WHEELING - Aubrey McClendon is being replaced as chairman of the Chesapeake Energy board of directors by Archie Dunham who now will lead the most active natural gas producing company in the Ohio Valley.
Chesapeake officials made the announcement Thursday regarding Dunham amid published reports that China-based Sinopec Corp. is contemplating a multibillion-dollar bid for company assets across the U.S.
"Under Aubrey's leadership, Chesapeake has built an extraordinary portfolio of natural gas and oil assets in creating one of the world's leading energy companies," said Dunham, former chairman of global oil giant ConocoPhillips. "I am honored to join the Chesapeake board in the new role of independent non-executive chairman and I am excited about the exceptional opportunities ahead for this high-potential company."
McClendon, who founded Chesapeake, will remain the Oklahoma City-based company's chief executive officer and president. He believes Dunham brings a great deal of experience and leadership to Chesapeake.
"Archie is extraordinarily well regarded both inside and outside of the industry, and we are confident he is the right person to lead our board as we complete the transition from the asset identification and capture phase of Chesapeake's history to now harvesting those assets," McClendon said.
The change at Chesapeake is a result of investor concerns regarding some of McClendon's investment practices in Northern West Virginia.
In his personal business dealings with local Chesapeake leaseholdings, McClendon took a 2.5 percent personal interest in Brooke, Ohio, Marshall and Wetzel County Chesapeake operations. This left some investors concerned because Chesapeake is a publicly traded company on the New York Stock Exchange while McClendon's firms - Larchmont Resources and Jamestown Resources - are his own personal businesses. McClendon has since agreed to end this practice, formally known as the Founder Well Participation Program, by June 30, 2014.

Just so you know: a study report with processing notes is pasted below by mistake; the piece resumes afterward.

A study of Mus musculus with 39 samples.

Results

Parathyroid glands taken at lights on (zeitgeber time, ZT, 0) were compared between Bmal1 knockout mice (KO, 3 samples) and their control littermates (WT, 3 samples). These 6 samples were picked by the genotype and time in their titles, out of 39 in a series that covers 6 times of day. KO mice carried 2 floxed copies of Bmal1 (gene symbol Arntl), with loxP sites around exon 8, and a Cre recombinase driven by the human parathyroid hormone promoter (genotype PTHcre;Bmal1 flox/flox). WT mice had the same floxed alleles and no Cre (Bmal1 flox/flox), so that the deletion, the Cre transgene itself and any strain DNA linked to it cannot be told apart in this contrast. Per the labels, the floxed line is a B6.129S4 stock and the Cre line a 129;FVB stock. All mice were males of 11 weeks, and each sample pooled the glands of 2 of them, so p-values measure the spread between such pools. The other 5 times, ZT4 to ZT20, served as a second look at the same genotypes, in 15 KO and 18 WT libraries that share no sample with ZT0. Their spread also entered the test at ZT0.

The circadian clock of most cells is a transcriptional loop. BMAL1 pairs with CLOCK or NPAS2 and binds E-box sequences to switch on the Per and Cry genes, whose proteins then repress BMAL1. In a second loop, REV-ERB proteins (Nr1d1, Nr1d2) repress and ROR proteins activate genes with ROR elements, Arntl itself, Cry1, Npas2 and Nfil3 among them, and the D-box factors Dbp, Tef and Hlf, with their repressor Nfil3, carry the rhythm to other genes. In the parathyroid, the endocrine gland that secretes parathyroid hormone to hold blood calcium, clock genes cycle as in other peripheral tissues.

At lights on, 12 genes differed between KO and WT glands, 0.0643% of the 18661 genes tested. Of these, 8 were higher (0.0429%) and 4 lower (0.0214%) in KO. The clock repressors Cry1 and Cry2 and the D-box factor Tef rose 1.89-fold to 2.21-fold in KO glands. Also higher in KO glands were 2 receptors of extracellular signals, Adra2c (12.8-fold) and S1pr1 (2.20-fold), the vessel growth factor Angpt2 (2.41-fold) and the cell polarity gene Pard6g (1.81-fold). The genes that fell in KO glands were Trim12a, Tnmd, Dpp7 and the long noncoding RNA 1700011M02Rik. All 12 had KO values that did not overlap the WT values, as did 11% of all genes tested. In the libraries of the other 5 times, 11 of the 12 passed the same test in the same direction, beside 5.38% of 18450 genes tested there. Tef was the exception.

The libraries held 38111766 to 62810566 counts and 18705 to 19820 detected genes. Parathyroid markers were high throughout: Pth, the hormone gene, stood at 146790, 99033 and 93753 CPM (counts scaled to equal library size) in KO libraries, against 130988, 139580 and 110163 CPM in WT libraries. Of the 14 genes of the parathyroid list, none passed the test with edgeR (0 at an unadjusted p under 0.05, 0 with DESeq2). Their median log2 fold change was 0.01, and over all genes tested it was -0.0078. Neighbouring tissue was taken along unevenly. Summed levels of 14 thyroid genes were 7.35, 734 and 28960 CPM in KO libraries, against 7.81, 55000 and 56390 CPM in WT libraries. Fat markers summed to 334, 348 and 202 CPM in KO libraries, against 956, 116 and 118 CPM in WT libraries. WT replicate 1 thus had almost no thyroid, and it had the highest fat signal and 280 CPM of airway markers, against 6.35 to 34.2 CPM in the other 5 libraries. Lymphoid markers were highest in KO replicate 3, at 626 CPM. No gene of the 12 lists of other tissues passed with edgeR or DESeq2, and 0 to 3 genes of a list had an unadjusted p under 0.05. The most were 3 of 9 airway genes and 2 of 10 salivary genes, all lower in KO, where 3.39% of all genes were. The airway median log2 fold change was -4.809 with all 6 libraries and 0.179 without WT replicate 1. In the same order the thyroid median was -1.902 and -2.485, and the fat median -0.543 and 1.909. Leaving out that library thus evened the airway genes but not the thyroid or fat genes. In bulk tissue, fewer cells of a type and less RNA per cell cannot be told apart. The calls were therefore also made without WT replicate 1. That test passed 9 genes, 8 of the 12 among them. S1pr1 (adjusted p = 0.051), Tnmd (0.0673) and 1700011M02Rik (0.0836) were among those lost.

In addition to its West Virginia operations, Chesapeake holds the most Utica Shale acreage in Ohio. The company is looking to sell 337,481 acres worth of leases in Northeast Ohio to help shed about $10 billion in debt. Along with the Ohio acreage, Chesapeake is also looking to sell leased land in Colorado and Wyoming.
Regarding the possible Chinese investment in this acreage, published reports indicate Sinopec Chairman Fu Chengyu was recently in Oklahoma exploring a possible deal.
Reports also state Chengyu was seen in a "high-profile seat" at a National Basketball Association Finals series game at the Chesapeake Energy Arena in Oklahoma City.
In addition to the naming rights at the arena, McClendon owns a portion of the Oklahoma City Thunder, the franchise he and other owners relocated to Oklahoma in 2008 after its former life as the Seattle Supersonics.
Chesapeake reported $71 million worth of losses to stockholders for the first three months of this year, while stock price fluctuations continue. NYSE records show the company's stock has dropped from $34.39 per share on July 18 to $18.12 on Thursday.
In May 2008, Chesapeake's stock price per share soared to $54.77, but collapsed to $15.81 just eight months later, records show.
O. Mason Hawkins is chairman and chief executive officer of Southeastern Asset Management, which is Chesapeake's largest individual shareholder. He believes the new chairman and board will benefit the company.
"Chesapeake has the assets and the opportunity to become the U.S.'s pre-eminent, low cost energy producer and to significantly grow its value per share. We believe this board will prudently guide, assist and complement management's efforts to capture its potential," he said.
In addition to Dunham, new board members will include Frederic Poses, chief executive officer of Ascend Performance Materials; R. Brad Martin, former chairman and chief executive officer of Saks Inc.; Bob Alexander, founder of Alexander Energy Corp.; and Vincent Intrieri, senior managing director of Icahn Capital L.P.